I'm okay with not believing. But not everyone else is okay with it.
Throughout the Bible Belt, and specifically at my university (Oklahoma Christian University), there is an unfortunate social stigma surrounding non-Christians that still exists even in our widely secular, post-modern society. In my experience, that goes for every non-Christian, including atheists, agnostics, Muslims, and others. I didn’t grow up in the churches of Christ, so when I started attending OC, a church of Christ university, in 2013, I felt a tiny-bit ostracized. Within the past year, when I stopped calling myself a Christian, I felt it get a little worse.
I shrug it off because it doesn’t mean much to me. At the end of the day, I can’t force myself to believe something that I simply don’t believe. There really is no need to shame me, or anyone, for this. Besides the fact that it’s entirely at odds with the restoration and love preached in the Gospels, it’s also entirely counter-productive in a practical mindset. You don’t teach someone by shaming them for not already believing what you’re trying to teach them. You must teach the other person where he or she is at.
That’s something I take very seriously amid political, theological or philosophical discussions. Specific to fellow OC students, I focus on two things: proposing an alternative way of thinking simply to provoke a response and get him or her asking questions, and finding commonalities between our differing worldviews and philosophies. Just a couple weeks ago, I lead a chapel and discussed the theories presented in Richard Dawkins’s The Selfish Gene, and proposed a biological explanation for the nature of morality that many Christians attempt to claim as exclusive to their religion/faith. The commonality, though, is that selflessness is good. The thing is, as Leon Festinger writes in his book When Prophecy Fails, “A man with a conviction is a hard man to change.” It doesn’t matter if God were empirically proven fiction. Fact won’t sway everybody.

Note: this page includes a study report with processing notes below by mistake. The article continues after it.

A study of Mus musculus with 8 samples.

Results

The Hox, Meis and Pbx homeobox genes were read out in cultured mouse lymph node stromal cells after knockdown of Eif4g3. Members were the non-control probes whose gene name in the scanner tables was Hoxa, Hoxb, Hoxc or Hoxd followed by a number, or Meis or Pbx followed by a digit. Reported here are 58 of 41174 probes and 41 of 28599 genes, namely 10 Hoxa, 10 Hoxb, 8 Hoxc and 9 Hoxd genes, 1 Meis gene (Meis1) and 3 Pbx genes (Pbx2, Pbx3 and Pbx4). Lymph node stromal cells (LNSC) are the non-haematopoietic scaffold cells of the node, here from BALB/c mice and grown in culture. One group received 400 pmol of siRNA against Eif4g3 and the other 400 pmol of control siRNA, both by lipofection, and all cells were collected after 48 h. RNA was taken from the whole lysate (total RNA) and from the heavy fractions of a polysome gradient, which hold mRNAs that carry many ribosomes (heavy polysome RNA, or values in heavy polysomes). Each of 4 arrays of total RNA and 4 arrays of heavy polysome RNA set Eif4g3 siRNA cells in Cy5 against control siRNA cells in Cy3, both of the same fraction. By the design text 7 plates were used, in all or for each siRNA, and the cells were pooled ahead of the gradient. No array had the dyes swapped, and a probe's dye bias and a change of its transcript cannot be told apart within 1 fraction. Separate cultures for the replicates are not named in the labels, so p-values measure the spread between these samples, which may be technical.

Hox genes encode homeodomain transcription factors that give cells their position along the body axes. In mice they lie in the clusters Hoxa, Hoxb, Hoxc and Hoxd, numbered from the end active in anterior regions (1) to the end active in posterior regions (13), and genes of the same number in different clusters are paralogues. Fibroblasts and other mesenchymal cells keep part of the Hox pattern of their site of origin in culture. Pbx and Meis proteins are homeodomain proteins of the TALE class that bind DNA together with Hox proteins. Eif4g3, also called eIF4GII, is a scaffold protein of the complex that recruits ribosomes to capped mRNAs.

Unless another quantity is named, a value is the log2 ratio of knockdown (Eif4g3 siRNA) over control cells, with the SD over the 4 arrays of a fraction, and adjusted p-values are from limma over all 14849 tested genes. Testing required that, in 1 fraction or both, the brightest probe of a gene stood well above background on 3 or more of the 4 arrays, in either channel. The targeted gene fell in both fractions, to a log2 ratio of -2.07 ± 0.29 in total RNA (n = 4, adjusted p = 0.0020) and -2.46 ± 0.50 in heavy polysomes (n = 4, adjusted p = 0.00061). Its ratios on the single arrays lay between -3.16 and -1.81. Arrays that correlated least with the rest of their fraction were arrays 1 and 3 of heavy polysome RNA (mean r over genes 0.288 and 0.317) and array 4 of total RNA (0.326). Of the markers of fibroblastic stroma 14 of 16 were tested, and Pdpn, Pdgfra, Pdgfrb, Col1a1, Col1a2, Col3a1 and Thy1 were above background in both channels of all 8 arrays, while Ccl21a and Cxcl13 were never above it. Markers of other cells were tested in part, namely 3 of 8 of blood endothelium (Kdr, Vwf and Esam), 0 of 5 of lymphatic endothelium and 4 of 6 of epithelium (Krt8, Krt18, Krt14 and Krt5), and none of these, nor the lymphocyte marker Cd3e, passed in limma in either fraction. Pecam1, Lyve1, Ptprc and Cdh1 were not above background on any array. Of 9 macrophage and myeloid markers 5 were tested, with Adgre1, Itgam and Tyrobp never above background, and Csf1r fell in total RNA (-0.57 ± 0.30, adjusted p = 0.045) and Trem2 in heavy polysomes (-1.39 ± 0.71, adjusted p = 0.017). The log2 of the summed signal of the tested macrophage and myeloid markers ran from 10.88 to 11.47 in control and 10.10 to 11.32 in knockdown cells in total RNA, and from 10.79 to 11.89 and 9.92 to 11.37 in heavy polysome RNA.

Here’s where I am right now: I’m simply questioning. I don’t believe much of anything right now because I’m trying to discover what’s actually true. I simply do not see enough evidence in favor of the Christian narrative for creation, purpose and restoration. The humanist in me wants to believe that we don’t need a God for humanity to prosper and perform justice; the scientist in me wants to believe that life is the result of evolution rather than intelligent design, and that homo sapiens are not special on a cosmological scale; the philosopher in me wants to believe that ethics, morality and truth itself are all concepts that we, as a collective species, wrestle with continuously. Many of the alternative positions offered by other worldviews and sciences can offer a more rational and empirically-based method of living (but are simultaneously not at odds with the core beliefs espoused in Christianity). I really do envy those with faith. But I can’t force it. Maybe one day I’ll return to the Church, but this is where I am right now. I don’t think that makes me a bad person.
All of that to say this: OC (as well as other Christian universities) should become a more receptive and compassionate community for those of different faiths and backgrounds. This can be done in a few ways. One, OC students and staff should be more intentional in their efforts to discuss differing faiths and philosophies, both within and without the classroom. Two, OC leadership should be more intentional to recognize and welcome those students that are not of a Christian background (specifically a church of Christ background). Three, it’s time for OC to end its archaic requirement that professors be a member of the churches of Christ. Diversity of thought is not something to be feared.
Men and women of all backgrounds and religions should be invited to this school to share their ideas in an academic environment that is impassioned towards truth. And for those who fear that undoing that requirement would encourage some kind of liberal, godless crowd to overtake OC and smother the church of Christ roots, I would encourage you to question the integrity of those roots in the first place. Perhaps the greatest thing about diversity of thought is that it breaks the echo chamber. It tends to challenge bad ideas with good ideas. If OC’s church of Christ roots were lost, it may be for the best.
I don’t believe. I’m okay with that. But even if I did, the last thing I’d want is to force my beliefs on those unlike me. We’re all in our own places.
*Header photo courtesy of ShutterStock.